When Pierre Choderlos de Laclos published his novel Les Liaisons Dangereuses in 1782, it was a scandalously sexual novel, made up entirely of letters that dealt with the theme of seduction. Now in 2016, Josie Rourke is directing an adaptation by Christopher Hampton (a transfer of the Donmar Warehouse production in the UK), playing a limited engagement at the Booth Theater. This version of the play, starring Janet McTeer and Liev Schreiber as the scheming sadistic leads, is not made up of letters, but many short scenes that take us to various drawing rooms and bedrooms. The change in the medium–from epistolary novel to stage drama–is not the only major alteration in this adaption, for somehow the entire theme and tone of the work has transformed.

On the surface, any novel from 1782 turned into a play and staged in 2016 must feel different, but Les Liaisons Dangereuses is suffering from a cultural shock more severe than the average Broadway revival of a period piece. Although the novel original explored the themes of sex, seduction, affairs, and corruption, the play seems to be about something much darker when viewed by the politically-conscious audience of today. With sexual assault scandals daily being discussed on the news (everything from Brock Turner to Donald Trump), rape is something audiences are thinking about more, they are more conscious of it, more sensitive to it.

Thus, when Valmont (Schrieber) breaks into the bedroom of the adolescent Cecile (played by the annoyingly childish Elena Kampouris), shirtless and stroking her while she sleeps, the audience becomes tense. Things only get worse when Cecile wakes up, as he quickly covers her mouth and holds her down. He blackmails her, warning that if she doesn’t grant him a kiss, he will tell her mother that he was allowed in her bedroom for a late-night rendezvous (a lie). Reluctantly, Cecile agrees to a kiss, clearly not enjoying the experience and frequently saying “no, please don’t, I don’t want to.” Valmont persists, and eventually forces her onto the bed and gets even more physical. Maybe this was amorous and seductive in 18th century France, but now it is quite clearly a rape.

There are several notable elements that make this scene even more disturbing, notably the direction, the script, and some of the audience’s reactions. In the novel, the scene is clearly a sexual assault, but in the play, the director staged the scene and directed the actors in a way that things become much more “blurred,” with Cecile even seemingly to consent in the end and even enjoy it. Oddly enough, the playwright/adapter wrote another bedroom scene for the pair, this time with Cecile running in and excitingly jumping on the bed, eager for more “sex lessons” from Valmont–something not based in the novel at all. Finally, the audience seemed split during this scene, with the younger crowd (myself included) stunned silent, shocked, and appalled. The older crowd, however, went right along with the director and laughed throughout the scene, thinking that it was comedic and believing this to be just one of Valmont’s many successful seductions.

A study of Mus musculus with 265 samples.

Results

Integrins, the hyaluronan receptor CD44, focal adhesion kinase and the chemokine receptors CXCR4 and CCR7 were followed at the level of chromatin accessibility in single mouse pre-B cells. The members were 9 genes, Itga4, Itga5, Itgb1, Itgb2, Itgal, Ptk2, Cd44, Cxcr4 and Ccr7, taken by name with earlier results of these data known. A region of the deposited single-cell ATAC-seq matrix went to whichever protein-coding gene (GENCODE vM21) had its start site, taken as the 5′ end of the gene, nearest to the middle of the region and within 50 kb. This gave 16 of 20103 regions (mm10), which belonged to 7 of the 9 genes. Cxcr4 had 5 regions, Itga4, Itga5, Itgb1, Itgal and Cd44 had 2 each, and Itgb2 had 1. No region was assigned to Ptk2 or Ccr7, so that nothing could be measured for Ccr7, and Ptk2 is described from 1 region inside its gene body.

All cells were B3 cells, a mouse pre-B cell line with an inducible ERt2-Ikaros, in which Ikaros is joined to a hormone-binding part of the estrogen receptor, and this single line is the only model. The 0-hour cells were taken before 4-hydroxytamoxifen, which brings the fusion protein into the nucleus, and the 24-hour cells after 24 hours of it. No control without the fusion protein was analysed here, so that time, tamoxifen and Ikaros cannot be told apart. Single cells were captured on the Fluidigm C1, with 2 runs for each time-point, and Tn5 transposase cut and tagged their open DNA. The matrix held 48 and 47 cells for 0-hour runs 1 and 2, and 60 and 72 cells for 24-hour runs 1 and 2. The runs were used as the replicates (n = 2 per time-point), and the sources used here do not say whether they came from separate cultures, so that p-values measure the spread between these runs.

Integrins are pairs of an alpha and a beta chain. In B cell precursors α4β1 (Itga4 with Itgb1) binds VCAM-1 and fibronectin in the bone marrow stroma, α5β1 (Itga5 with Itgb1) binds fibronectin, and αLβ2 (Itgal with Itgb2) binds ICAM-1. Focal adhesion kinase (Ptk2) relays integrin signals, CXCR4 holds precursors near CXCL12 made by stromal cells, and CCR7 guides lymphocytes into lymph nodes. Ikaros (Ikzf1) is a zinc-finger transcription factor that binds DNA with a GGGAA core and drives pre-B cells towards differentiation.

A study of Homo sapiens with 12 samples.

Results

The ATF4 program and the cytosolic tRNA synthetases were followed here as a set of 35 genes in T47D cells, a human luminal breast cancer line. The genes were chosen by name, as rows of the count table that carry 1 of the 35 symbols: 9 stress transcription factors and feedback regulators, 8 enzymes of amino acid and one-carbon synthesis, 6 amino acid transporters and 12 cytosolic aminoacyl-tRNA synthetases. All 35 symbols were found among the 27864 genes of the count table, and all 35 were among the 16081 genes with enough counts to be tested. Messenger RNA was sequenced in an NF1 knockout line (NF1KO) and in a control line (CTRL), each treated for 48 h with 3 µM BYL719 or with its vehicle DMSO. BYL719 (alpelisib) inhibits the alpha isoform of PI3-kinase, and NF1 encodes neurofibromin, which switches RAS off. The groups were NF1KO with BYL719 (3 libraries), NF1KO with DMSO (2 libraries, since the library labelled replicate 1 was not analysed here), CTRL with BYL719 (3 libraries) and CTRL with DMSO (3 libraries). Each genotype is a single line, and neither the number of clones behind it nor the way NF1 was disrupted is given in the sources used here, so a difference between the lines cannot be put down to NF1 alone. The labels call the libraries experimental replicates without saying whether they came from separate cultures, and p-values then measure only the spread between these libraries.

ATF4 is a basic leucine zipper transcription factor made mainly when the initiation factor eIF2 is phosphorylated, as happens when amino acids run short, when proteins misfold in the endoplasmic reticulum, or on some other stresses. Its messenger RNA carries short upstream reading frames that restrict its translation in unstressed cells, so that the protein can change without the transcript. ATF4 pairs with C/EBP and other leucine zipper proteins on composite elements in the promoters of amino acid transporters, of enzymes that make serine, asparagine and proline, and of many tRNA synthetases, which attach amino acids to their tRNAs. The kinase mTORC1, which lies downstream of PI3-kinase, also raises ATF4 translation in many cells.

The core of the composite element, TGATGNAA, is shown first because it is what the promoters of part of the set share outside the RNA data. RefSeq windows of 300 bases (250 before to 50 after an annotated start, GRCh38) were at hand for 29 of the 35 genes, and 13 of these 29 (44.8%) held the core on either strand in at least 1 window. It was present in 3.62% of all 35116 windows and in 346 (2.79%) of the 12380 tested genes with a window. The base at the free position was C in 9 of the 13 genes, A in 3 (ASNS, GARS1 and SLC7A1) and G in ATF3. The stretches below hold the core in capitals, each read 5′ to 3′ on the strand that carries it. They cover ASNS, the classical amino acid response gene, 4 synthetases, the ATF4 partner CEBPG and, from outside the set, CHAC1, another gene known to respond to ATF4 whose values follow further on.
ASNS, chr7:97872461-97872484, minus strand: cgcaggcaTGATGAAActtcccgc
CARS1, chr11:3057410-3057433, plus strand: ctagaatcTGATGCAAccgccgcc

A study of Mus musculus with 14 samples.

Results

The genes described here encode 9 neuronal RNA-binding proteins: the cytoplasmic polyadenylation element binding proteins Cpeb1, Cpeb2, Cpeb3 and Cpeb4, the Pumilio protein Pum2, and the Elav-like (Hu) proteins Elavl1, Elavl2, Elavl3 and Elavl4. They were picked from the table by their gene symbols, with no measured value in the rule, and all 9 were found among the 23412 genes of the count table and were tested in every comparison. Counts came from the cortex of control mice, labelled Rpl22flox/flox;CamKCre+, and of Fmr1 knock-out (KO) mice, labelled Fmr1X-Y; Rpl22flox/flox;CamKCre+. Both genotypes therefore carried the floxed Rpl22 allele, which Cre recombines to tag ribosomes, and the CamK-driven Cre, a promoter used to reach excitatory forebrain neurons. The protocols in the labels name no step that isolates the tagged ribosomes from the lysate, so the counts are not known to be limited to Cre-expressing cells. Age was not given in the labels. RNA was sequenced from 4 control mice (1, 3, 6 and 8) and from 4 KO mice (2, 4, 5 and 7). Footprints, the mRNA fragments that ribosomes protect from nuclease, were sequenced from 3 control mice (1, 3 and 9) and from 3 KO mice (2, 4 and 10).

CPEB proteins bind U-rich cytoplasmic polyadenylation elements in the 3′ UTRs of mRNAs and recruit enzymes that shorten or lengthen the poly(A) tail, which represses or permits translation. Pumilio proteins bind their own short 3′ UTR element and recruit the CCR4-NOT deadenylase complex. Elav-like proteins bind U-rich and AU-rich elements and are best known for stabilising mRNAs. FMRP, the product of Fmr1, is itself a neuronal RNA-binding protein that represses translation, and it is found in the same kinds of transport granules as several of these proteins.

Sitting there aghast while many audience members laughed during a rape scene, it was hard not to be offended. Sadly, the pattern repeated throughout the show, as Valmont’s character similarly coerces, pressures, and physically intimidates several other female characters, notably Tourvel (Birgitte Hjort Sorensen) and Merteuil (McTeer), until they finally “consent” to having sex with him. The most memorable occasions include Valmont’s grabbing Tourvel, pushing her against a wall, and kissing her so forcefully she begins to cry. Towards the end of the show, he screams at Merteuil, who lost a bet and in return is supposed to sleep; disgusted, she rescinds the offer. Upon being denied Valmont screams at her and demands he sleep with her or declare war. In possibly the strongest and most feminist moment of the entire work, Merteuil looks at him, stands her ground, and screams “War, then!” as she runs off the stage.

Regardless of the confusing plot, long run time, and conflicting design elements, Les Liaisons Dangereuses is a very interesting piece of theater to see, if for nothing else than to witness the changing ways in which historical works are received over time. This play may prove that Broadway audiences no longer want to sit through a three-hour play about rape simply because it was written in 1872 and the actors have British accents and wear pretty costumes.